Day 7 of Ostrander Point — David Okines on bird migration
[Report by Paula Peel, South Shore Conservancy]
The ERT panel heard March 26 from an expert who lives close to home: David Okines, Station Manager and Bander-In-Charge at the Prince Edward Point Bird Observatory (PETtBO). Mr. Okines gave expert testimony based on his twelve years at PEPtBO identifying, observing and banding birds, and analyzing tens of thousands of radar images of migratory bird activity in the South Shore Important Bird Area (SSIBA).
Qualification of David Okines as Expert Witness
Although Mr. Okines qualified as an expert witness, Bryn Gray (Gilead Power lawyer) and Sylvia Davis (lawyer for the Ministry of the Environment) tried to contain his area of expertise to banding, observing and identifying birds at PEPtBO. PECFN lawyer Eric Gillespie pointed to Mr. Okines’ years of observing birds at Ostrander Point and elsewhere and his expertise in interpreting radar images of migrating birds in the SSIBA. On this basis ERT chair Robert Wright qualified Mr. Okines as an expert in banding, identification and movement of birds, including migratory birds in the Prince Edward County south shore.
PEPtBO Bird Count Records
Mr. Okines’ slide presentation confirmed the SSIBA as a major area for birds along eastern Lake Ontario. Radar images show birds rising en masse throughout the SSIBA and then moving south across the lake. A chart of Daily Bird Counts at PEPtBO tallies 400,000 birds during one five-day period. The same numbers, approximately 40,000 birds each day, would be expected at Ostrander Point and at Point Petre in this same period. Twelve years of recording data confirm over 12,000 warblers during a five-day period in early May. Daily Bird Counts show 35,000 hawks in one five-day fall period. Between 400 and 700 Saw-whets are banded annually at the Observatory.
Mr. Okines explained that in the spring, all along the south shore, birds land, rest and feed, and then move on to breeding grounds where they will nest. However, Mr. Okines noted that something else occurs in the fall. When nocturnal passerines moving south in the fall arrive at Lake Ontario shortly before dawn, the birds will either land on the shoreline or attempt the lake crossing, depending on how much darkness remains. When birds misjudge the time for a lake crossing, they will return to the shore. These birds gradually move up to 5 km inland to feed during the day. In the evening they will start moving back south through the SSIBA and cross the lake. These migrants would be exposed to wind turbines not just once, but three times, during one day.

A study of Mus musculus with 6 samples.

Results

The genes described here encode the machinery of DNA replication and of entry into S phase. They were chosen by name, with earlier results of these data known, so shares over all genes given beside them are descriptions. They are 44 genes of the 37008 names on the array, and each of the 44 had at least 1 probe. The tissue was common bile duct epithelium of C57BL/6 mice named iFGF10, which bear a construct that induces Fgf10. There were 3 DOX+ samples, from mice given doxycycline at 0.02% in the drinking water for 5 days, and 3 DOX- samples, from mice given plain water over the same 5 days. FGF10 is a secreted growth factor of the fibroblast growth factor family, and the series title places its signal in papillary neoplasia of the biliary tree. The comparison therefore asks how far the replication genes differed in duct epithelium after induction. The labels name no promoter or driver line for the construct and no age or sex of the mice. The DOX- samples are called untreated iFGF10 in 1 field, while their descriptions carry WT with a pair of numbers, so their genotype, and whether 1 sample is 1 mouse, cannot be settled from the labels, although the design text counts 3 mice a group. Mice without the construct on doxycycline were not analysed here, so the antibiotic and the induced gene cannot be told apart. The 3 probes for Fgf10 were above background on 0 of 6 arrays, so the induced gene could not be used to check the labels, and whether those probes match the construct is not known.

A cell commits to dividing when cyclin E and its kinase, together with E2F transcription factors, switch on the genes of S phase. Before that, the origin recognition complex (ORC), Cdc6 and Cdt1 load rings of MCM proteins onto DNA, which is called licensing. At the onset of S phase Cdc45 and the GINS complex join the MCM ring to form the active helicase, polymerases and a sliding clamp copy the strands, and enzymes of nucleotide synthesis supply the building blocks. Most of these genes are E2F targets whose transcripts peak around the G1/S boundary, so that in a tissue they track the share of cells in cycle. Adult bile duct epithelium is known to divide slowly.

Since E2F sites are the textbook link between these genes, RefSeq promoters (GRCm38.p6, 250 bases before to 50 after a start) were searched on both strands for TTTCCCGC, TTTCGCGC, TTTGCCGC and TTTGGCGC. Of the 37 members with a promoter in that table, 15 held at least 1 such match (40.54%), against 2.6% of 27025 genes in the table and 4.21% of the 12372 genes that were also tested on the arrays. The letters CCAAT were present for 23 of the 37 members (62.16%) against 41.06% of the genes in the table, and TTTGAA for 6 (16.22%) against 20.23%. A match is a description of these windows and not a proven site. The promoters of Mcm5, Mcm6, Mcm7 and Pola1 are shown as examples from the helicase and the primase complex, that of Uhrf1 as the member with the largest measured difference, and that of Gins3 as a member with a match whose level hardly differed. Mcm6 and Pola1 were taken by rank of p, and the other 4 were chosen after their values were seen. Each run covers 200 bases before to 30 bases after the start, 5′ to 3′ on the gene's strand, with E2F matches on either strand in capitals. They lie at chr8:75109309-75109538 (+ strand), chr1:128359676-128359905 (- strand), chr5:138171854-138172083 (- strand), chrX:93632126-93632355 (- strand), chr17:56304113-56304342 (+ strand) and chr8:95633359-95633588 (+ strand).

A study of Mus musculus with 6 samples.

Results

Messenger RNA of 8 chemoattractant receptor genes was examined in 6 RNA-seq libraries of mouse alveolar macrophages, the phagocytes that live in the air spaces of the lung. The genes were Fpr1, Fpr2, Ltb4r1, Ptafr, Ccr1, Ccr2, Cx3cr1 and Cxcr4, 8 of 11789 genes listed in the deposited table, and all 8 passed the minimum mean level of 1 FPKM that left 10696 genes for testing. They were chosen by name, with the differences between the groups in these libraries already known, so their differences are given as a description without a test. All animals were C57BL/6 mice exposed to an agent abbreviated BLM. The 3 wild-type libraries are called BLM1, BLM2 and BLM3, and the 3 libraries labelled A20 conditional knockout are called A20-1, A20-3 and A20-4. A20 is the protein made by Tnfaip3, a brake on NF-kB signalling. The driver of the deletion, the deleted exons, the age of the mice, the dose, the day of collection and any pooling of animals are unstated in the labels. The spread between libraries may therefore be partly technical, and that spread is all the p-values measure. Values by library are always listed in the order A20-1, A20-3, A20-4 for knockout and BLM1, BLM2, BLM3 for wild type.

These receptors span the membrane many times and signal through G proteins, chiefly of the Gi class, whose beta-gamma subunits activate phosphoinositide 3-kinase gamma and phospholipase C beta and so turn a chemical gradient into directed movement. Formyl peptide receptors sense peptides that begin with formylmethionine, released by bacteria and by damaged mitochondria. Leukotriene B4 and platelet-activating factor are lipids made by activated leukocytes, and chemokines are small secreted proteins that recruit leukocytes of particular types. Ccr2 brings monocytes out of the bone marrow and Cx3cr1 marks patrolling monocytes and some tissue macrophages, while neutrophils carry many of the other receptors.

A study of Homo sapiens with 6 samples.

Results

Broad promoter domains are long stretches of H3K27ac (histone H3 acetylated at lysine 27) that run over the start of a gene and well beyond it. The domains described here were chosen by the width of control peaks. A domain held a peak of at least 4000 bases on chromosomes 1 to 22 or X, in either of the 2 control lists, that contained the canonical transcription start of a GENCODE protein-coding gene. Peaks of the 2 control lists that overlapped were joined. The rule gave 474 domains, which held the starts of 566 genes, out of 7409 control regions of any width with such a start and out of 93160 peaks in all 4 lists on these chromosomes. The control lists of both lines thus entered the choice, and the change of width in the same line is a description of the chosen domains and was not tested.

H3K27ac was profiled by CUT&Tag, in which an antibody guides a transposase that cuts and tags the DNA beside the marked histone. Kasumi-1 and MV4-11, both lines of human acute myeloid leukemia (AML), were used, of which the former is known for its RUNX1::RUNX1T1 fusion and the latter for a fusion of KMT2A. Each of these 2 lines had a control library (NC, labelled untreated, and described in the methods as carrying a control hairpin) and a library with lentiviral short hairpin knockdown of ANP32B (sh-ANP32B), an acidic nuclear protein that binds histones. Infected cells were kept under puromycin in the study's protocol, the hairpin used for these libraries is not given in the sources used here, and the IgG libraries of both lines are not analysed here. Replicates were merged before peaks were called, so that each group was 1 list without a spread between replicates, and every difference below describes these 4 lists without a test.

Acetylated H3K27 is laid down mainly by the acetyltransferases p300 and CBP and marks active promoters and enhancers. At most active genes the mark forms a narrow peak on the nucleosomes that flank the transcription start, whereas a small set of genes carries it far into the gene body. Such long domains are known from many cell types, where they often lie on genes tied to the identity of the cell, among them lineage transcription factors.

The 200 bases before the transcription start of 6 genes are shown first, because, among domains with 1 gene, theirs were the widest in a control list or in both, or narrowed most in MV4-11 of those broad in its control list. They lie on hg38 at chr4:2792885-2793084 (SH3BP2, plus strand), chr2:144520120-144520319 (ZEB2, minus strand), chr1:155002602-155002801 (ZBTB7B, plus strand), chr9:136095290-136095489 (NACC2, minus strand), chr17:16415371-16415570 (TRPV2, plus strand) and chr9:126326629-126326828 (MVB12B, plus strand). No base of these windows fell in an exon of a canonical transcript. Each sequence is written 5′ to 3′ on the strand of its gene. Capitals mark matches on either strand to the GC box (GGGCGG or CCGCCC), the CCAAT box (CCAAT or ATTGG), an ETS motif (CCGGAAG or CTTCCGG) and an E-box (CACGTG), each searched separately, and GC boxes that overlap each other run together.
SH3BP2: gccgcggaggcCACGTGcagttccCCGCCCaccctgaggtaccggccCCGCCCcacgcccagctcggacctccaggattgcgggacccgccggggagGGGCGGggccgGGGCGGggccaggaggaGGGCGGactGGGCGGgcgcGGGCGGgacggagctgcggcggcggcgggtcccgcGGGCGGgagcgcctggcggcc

Gilead Power Cross-examination
Bryn Gray attempted to cast doubt on the phenomenon Mr. Okines described. He argued that the radar does not pick up objects lower than 300 metres. However, in a witness statement Mr. Okines indicated that radar fails to pick up birds lower than 300 feet. Mr. Okines also noted that casual observation confirms data from radar images: these birds can be seen coming back in the morning, dropping from the sky, and working their way towards wooded areas where food is plentiful.
Finally, in an obvious attempt to catch Mr. Okines up, Gray asked Mr. Okines if he considered that the death of a single bird entailed serious and irreversible harm. Okines specified the harm as irreversible to the bird and to the propagation of some species that breed in Ontario’s northern boreal forests or to endangered species such as the Kirtland Warbler limited to breeding near Petawawa.
Ministry of Environment Cross-examination
Sylvia Davis also challenged Mr. Okines on his testimony on the aborted attempts to cross the lake during fall migration. Could Mr. Okines back up the numbers of birds that he was claiming? Might this sequence of events only occur at Point Traverse, where a savannah attracted birds, and hadn’t Mr. Okines referred to this area as a hotspot?
Mr. Okines stated that a combination of radar images and observation shows birds at Point Petre, for example, travelling from three to five kilometers out onto the lake and then turning around, dropping off the radar image, and being seen again in the evening.
Mr. Okines went on to explain that the Kingston Field Naturalists had located the bird observatory at Prince Edward Point because it lies within a 50-km circle around Kingston. (Cornell University Ornithology Lab limits official bird count territories to a 50-km size.) But the same numbers and species of birds could be banded anywhere in the SSIBA.
ERT panel member Heather Gibbs asked Mr. Okines to explain what an Important Bird Area is. He said an IBA is an area designated as important for birds by Bird Studies Canada and Ontario Nature, the Canadian partners of Birdlife International. BirdLife International is the organization that decides if an area meets the criteria. The SSIBA meets several criteria, including the astounding numbers of ducks of several species (225,000 ducks moved through the IBA one morning in 2005) and the numbers of passerines and other birds that migrate through or breed there.
Mr. Wright asked Mr. Okines if there were any recordings of the Loggerhead Shrike. Mr. Okines noted that, according to the Breeding Bird Atlas of Ontario, the last Loggerhead Shrike recorded in the SSIBA was in 2007 near Helmer Road, not far from where Mr. Wright had walked during his recent Ostrander Point visit. Mr. Okines noted that Whip-poor-will and eight other species are breeding in the vicinity of the Ostrander Point Wind Project, although Stantec found only two birds in the area.
About 40 people attended the hearing. As on other days, everyone left with a keen appreciation of how vital it is that the PECFN appeal succeeds.